Here Comes Peter Cottontail
For many young children, today is the day that the Easter Bunny delivers baskets of candy and toys.
So, let’s learn a little bit about our local rabbit population.
Cottontail rabbits are one of the most common mammals in New York. There are two rabbit species in the state: the New England Cottontail and the Eastern Cottontail. They are very similar, in fact it’s difficult to tell them apart just by sight. The New England Cottontail is found in eastern New York State north of Long Island. So, in The Famous Phoebe’s hometown, any rabbits she met were most likely Eastern Cottontails.
It is believed that the New England cottontail is no longer found on Long Island because of the loss of habitat space. They are not becoming threatened or endangered, they have just relocated to areas that better suits them.
Rabbits do not move around much. They spend their whole life within a two-to-seven-acre area. So, if you have a rabbit in your yard or see one at a park, chances are you’ll see it there again.
Rabbits protect themselves with eyes on the sides of their head, which gives them a good view of what’s going on around them. Their ears are large and cupped, so they can hear distant and faint sounds.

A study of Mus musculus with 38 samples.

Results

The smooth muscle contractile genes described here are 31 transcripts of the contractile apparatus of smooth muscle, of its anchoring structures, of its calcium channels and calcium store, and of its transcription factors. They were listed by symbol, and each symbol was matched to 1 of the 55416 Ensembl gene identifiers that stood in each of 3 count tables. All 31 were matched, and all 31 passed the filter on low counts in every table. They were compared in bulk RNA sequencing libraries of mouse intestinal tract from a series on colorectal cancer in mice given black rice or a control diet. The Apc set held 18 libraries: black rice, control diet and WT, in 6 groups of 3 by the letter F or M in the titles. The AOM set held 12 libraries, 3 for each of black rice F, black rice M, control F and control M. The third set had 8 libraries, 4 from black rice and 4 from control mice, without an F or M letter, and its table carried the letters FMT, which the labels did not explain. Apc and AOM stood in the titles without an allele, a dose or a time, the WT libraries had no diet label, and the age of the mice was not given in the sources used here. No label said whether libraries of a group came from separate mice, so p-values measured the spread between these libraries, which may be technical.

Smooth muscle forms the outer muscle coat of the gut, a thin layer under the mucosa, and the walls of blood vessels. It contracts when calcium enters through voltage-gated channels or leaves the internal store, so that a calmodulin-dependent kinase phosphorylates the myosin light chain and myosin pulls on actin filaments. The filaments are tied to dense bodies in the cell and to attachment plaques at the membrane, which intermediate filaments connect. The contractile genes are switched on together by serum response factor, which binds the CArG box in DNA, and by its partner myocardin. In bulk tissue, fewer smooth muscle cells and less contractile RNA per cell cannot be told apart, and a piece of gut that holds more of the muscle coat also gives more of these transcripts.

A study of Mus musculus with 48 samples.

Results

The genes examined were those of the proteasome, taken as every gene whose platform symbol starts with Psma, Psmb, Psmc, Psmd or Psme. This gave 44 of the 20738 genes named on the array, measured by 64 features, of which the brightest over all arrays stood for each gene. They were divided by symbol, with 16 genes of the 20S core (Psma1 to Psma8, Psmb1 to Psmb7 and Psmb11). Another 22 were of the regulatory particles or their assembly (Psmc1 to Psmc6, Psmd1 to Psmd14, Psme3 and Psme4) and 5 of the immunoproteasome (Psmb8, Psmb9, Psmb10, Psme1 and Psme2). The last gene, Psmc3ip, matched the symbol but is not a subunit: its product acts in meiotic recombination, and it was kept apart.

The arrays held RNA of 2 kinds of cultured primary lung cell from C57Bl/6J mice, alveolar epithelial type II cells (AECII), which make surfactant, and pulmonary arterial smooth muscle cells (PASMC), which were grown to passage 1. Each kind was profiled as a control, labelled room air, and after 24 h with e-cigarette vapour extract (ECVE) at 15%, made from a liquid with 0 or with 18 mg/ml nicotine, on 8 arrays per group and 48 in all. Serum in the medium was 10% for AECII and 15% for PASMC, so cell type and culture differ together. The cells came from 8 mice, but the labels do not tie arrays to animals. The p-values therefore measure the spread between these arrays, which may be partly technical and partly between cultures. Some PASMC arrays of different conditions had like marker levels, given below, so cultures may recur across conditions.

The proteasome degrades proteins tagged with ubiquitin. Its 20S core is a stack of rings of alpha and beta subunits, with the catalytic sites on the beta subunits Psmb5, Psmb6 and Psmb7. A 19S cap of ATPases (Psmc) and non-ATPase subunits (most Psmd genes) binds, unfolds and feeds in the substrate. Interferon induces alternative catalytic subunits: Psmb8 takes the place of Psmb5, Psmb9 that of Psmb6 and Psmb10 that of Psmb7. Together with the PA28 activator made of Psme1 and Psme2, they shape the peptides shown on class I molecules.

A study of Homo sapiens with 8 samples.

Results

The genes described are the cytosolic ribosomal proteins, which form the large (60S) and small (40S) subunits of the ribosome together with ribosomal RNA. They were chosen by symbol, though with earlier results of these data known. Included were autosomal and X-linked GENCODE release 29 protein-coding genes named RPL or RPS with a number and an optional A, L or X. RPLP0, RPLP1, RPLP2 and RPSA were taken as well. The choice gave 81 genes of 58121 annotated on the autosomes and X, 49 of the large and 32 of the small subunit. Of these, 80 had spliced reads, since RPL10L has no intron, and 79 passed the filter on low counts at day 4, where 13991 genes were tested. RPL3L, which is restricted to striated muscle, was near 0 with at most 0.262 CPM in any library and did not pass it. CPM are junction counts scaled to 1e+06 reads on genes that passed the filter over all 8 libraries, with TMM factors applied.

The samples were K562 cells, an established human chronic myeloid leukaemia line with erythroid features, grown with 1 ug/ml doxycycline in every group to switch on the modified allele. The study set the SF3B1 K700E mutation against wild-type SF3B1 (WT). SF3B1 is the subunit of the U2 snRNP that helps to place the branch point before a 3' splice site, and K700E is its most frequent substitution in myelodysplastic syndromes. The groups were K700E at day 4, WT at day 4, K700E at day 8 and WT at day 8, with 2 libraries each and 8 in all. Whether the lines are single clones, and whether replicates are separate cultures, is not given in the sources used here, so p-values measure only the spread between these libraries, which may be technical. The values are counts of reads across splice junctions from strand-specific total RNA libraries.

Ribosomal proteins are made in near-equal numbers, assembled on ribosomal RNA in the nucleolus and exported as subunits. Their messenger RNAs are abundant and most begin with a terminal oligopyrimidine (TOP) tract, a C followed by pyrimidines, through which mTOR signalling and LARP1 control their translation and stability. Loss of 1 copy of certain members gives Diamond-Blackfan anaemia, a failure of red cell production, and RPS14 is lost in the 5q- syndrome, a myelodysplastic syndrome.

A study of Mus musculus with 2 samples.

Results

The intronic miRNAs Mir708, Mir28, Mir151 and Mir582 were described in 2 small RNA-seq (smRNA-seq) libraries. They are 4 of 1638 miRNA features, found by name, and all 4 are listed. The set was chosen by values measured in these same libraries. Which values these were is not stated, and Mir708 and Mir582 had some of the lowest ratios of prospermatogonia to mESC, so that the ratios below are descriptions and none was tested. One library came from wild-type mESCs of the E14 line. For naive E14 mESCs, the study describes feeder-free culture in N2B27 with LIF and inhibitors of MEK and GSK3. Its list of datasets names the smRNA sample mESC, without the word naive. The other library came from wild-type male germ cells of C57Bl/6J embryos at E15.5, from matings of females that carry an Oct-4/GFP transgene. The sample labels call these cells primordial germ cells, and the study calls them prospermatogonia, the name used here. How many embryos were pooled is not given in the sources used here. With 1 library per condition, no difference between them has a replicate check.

We have a bunny we’ve named Clover who lives in a field where we walk and play with Reina. As soon as we can see Clover (which means she can see us coming), she freezes. This is what rabbits do to try to blend into their surroundings and camouflage themselves from predators. When we get too close, Clover takes off. Reina would never have a chance to catch this little friend. Rabbits can run an 18 to 20-mph dash to get away from danger.
Like many animals, springtime is mating season for rabbits. And they sure do reproduce a lot. Rabbits begin mating in February and continue into September. Gestation is an average of 28 days, and the female frequently mates again on the same day she gives birth. Litters range from 3 to 8 offspring, and the female has 3 to 4 litters each breeding season.
It’s important to know that rabbit nests are made on the ground. They are usually found in patches of long grass or bushes. The nest is a dug-out shallow area that is lined with grass and fur from the mother rabbit. The nest will have a cover made from the same materials to protect babies from weather and predators.
I accidentally found two rabbit nests. Once I was trimming sea grass and a bunch of baby bunnies jumped out of the nest and scattered. I frantically went after each and brought them back to the nest. Another time, we were walking Reina, and she was sniffing in some long grass in a field. I saw it was a nest and quickly pulled her away before she got too close.
Now that you know how to identify a wild rabbit and its nest, you’ll be able to tell the difference between a wild rabbit from a pet rabbit. If you see a domestic rabbit outdoors, contact the Long Island Rabbit Rescue Group for help, or find a rabbit rescue group where you live. For injured wild cottontail rabbits in Nassau or Suffolk counties, contact the Department of Environmental Conservation at Stony Brook at (631) 444-0200.